Earl Bakken is 93 years old and still going strong. While he has become the bionic man with his implanted devices, Earl’s mind is sharper than ever as he pursues myriad causes on behalf of his lifelong mission to use science to benefit humankind.
For all of his many contributions to human health throughout the past 70 years, I cannot think of a more worthy person for the Center to be named in honor of than Earl Bakken.
Only rarely in life does one have the opportunity to work with a true pioneer, a person who, through his vision, inspiration, courage, and leadership can change the course of human history.
Earl Bakken is that person.
When I was chief executive of Medtronic, Earl was always encouraging to me, and filled with many creative ideas. Yet in my thirteen years there, he never second-guessed one of my decisions. For all the employees of Medtronic, he was a true inspiration, never tiring of explaining the Medtronic mission to new employees or in challenging us to reach higher to find new ways of fulfilling the mission. That’s why every CEO of Medtronic, including current CEO Omar Ishrak, has made the mission central to his leadership.
Since his graduation in electrical engineering from the University of Minnesota in 1948, Earl has been completely dedicated to the University, and has been a leading supporter of the Center and its founder and director, Dr. Mary Jo Kreitzer.
With his invention of the first wearable, battery-powered pacemaker, Earl Bakken launched the modern medical-technology industry. Through his leadership, he has enabled tens of millions of people with life-threatening illnesses to be restored to full life and health. Now in his ninth decade, he is pioneering again, creating entirely new forms of healing.
Earl is a true visionary, one of the greatest I have ever known. In fact, his ultimate contribution to humanity may be in his lifelong vision of healthcare to treat the whole person – mind, body, and spirit. As is evident throughout his life, Earl Bakken can dream of a future unthinkable to others and then lead people to enable his dream to become a reality. Earl’s dreams are often so advanced that others scoff at them or simply ignore him. They do so at their peril, for Earl has spent a lifetime making his dreams come true.
It was Earl’s vision that stimulated him to co-found Medtronic in 1949, along with his brother-in-law, Palmer Hermundslie.
It was his vision that inspired him to write the now-famous Medtronic mission in 1960, which begins, “To contribute to human welfare by application of biomedical engineering in the research, design, manufacture, and sale of instruments or appliances that alleviate pain, restore health, and extend life.”
It was his vision that led to the creation of Medtronic’s 100-year strategic plan in 1960, as he saw the potential for the implantation of electrical products throughout the human body.
It was his vision that inspired him to support Dr. Kreitzer when she created the Center for Spirituality & Healing in 1995. It was his vision to create the Bakken Museum in South Minneapolis to inspire new generations of engineers and inventors with the possibilities of electrical stimulation in the human body.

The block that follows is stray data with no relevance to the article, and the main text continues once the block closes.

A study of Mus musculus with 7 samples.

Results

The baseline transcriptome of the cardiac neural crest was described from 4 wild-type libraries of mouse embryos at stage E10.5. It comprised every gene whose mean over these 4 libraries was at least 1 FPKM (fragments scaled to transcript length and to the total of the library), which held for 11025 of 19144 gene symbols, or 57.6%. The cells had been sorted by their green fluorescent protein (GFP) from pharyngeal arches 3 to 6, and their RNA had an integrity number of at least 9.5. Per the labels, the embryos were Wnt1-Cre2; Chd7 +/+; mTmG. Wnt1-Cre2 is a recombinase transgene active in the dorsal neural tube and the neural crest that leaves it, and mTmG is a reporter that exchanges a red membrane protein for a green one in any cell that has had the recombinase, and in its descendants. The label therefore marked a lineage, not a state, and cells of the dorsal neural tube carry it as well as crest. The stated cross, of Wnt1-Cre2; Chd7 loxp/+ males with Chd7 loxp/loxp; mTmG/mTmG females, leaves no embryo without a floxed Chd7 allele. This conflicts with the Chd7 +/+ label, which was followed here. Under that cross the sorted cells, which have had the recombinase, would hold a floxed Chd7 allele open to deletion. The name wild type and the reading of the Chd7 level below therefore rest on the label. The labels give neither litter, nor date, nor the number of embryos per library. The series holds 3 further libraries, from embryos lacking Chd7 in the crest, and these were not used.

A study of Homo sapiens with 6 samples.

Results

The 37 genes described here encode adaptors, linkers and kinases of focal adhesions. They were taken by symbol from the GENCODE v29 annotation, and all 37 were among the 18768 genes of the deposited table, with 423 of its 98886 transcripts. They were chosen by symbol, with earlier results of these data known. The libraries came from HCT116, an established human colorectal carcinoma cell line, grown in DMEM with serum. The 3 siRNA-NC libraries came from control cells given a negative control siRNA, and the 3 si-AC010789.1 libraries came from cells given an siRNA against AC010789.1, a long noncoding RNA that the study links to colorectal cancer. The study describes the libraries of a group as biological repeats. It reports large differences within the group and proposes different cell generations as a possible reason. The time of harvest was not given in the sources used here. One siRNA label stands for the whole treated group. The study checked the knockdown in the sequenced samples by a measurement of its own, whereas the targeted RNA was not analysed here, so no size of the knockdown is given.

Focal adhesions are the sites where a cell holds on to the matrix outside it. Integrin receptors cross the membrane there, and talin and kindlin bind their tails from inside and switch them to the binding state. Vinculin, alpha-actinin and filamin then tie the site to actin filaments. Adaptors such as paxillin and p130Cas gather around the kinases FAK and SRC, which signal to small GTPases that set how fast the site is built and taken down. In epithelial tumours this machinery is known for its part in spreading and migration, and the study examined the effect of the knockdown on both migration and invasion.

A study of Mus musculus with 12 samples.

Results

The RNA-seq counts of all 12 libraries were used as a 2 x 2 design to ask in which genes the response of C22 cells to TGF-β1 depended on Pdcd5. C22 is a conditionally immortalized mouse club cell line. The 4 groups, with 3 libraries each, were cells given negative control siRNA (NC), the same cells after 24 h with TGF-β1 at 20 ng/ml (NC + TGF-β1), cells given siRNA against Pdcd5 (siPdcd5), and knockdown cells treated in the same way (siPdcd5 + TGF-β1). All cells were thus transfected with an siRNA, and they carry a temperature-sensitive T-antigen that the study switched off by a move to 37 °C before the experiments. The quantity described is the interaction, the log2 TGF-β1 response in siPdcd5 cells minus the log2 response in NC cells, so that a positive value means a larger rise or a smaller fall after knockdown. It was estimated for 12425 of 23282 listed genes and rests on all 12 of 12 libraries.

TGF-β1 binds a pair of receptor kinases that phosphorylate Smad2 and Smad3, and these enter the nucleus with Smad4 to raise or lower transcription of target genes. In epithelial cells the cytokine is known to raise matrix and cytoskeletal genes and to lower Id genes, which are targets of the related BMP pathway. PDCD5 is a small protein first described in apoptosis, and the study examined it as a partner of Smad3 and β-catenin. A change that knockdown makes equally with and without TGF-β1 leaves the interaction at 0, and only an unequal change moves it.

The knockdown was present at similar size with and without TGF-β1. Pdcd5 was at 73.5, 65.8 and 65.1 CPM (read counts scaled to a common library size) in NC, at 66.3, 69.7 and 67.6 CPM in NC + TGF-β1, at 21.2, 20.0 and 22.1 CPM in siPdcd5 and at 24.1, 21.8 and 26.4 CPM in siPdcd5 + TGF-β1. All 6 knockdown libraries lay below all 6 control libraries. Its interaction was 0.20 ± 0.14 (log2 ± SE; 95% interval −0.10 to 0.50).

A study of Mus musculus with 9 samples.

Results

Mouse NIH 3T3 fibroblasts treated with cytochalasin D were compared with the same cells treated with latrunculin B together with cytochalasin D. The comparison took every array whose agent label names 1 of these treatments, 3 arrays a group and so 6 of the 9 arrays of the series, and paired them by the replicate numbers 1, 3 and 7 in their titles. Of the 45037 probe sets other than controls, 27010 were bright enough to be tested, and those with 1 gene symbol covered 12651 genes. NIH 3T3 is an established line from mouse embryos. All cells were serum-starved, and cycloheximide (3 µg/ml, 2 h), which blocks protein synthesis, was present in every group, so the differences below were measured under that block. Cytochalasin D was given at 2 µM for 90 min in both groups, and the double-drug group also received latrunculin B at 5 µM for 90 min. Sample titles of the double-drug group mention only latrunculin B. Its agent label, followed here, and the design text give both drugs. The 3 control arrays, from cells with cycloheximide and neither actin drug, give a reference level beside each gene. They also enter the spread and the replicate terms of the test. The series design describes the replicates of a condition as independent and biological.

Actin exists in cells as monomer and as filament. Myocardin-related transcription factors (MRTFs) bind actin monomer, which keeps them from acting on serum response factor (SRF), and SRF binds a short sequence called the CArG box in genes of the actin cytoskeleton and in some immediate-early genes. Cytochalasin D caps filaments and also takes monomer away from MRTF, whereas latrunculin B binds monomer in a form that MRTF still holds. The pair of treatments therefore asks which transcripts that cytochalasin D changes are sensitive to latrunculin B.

It was his vision that led to the founding of the North Hawaii Community Hospital (NHCH) in 1996, which specializes in integrative medicine – the blending of the best of Western and Eastern medicine and complementary modalities.
It was his vision that saw the brain-heart connection, leading to academic research centers at Cleveland Clinic and NHCH exploring the emerging new area.
What are the qualities that have allowed Earl Bakken to accomplish so much in his lifetime? He is a man of paradox: an engineer who envisions a world of “high-touch” integrated healing, a leader who inspires others, but lets them go their own way, an introvert who will happily stand on a convention floor for 12 hours at a time, talking to other dreamers and prospective adopters of his ideas.
Earl has deep technical knowledge, but so do many other engineers who never reach beyond the confines of their laboratories. He has vision, but so do many others whose ideas never come to fruition. He has leadership skill, but the world is filled with leaders who never go beyond a single major accomplishment.
What makes Earl unique is his soul.
Earl’s vision to use science to benefit humankind began with an idea he received from his pastor in his early teenage years and from which he has never deviated. He has a deep sense of spiritual calling, and an understanding of his purpose on this earth.
More than any person I have ever met, Earl is totally devoted to his calling. Nothing can cause him to deviate or give up. Money, fame, glory — Earl has all of these, but none is really important to him. He conveys his mission to everyone he meets, and he openly, yet modestly, asks them to join him on his journey.
Earl is the epitome of the mission of the Center for Spirituality & Healing – and entirely worthy of this naming honor.
Mandala is a biannual magazine produced by Bakken Center for Spirituality & Healing. It captures the core aspects of the Center: reflection, transformation, spirituality, creation, and the ongoing journey that continues to shape what we are to become.